Voyeurs, beware. It is now illegal to surreptitiously take photographs under a woman’s skirt in Massachusetts.
Two days after the state’s highest court sparked outrage when it ruled that state law allows people to take such photos, Governor Deval Patrick signed a bill today to ban the practice, known as “upskirting.”
The legislation sailed through the House and Senate Thursday, a day after the Supreme Judicial Court ruled that the state’s voyeurism law did not specifically prohibit people from secretly photographing under a woman’s clothing. It was a rare act of swift action in a Legislature often known for its glacial approach to making laws.
“It shows they can do it when they want to,” Patrick told reporters today, as he walked into a Cabinet meeting at the State House.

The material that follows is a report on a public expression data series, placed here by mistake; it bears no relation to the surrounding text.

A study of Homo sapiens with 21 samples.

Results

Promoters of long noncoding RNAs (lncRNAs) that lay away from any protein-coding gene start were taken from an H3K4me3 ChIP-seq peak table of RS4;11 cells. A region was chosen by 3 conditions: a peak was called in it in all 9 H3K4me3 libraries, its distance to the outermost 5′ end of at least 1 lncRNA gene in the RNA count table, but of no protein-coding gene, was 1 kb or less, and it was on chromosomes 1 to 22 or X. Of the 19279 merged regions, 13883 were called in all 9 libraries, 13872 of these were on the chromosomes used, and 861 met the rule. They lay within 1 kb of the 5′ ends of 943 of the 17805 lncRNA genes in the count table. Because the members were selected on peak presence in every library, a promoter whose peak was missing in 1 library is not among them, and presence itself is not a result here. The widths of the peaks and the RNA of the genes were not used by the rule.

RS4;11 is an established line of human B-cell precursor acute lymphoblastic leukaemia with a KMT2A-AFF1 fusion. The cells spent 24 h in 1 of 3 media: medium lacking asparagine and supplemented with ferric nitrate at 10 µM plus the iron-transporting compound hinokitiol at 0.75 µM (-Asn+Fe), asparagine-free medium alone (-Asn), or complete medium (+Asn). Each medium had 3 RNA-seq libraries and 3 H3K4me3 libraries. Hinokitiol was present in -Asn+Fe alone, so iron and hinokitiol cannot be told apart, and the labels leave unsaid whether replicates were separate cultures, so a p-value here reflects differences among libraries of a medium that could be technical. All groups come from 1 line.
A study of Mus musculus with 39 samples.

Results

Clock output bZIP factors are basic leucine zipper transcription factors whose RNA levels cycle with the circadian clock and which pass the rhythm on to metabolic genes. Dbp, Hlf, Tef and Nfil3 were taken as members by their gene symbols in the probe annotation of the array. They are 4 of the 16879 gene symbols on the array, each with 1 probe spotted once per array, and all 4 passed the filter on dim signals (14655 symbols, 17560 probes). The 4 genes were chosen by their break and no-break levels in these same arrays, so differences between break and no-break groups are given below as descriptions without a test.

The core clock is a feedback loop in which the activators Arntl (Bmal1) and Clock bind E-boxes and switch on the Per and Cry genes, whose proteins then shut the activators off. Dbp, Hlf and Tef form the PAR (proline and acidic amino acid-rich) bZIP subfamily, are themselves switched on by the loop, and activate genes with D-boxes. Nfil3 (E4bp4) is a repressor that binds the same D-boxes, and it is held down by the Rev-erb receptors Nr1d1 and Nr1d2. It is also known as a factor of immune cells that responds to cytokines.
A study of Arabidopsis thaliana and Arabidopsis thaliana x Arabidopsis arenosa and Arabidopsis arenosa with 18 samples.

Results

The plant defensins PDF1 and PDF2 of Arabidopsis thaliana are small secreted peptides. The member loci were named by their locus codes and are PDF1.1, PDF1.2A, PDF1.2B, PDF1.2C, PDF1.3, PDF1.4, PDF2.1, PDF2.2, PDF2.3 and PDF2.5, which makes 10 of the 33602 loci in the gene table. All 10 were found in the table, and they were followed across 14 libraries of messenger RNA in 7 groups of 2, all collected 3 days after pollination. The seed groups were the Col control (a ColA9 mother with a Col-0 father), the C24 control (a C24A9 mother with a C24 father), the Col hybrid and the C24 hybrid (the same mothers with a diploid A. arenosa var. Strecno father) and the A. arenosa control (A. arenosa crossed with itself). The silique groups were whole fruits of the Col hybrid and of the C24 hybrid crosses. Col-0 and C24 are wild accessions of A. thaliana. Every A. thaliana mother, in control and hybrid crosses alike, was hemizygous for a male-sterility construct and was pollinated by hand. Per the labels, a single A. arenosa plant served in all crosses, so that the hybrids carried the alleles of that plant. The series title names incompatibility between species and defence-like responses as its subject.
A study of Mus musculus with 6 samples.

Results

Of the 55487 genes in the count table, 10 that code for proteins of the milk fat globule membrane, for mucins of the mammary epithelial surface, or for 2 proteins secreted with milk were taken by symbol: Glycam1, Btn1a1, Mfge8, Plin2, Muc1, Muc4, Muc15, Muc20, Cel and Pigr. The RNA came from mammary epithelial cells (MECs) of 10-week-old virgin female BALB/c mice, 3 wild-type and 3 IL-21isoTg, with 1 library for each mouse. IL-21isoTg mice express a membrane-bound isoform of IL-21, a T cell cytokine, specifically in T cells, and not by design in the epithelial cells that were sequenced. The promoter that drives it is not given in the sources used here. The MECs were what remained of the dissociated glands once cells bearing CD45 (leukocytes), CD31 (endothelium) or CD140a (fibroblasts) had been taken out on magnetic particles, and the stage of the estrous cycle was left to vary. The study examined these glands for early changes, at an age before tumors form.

The court ruling came in the case of an Andover man accused of snapping photos of women who sat across from him wearing skirts on an MBTA trolley in 2010.
In its unanimous ruling, the high court said prosecutors did not prove that he violated two key aspects of the voyeurism law, which was written before cellphones were in wide use. They failed to prove the women were photographed while nude or partially nude and that they had a reasonable expectation of privacy on the T.
Under the bill signed Friday, it will now be a misdemeanor to take secret photos and videos of “the sexual or other intimate parts of a person under or around the person’s clothing.” The law would apply to times when a “reasonable person” would believe those parts of their body would not be publicly visible.
Distributing those images could lead to felony charges and prison time.
The bill would also expand penalties for secretly taking photos and videos of “the sexual or other intimate parts of a child.”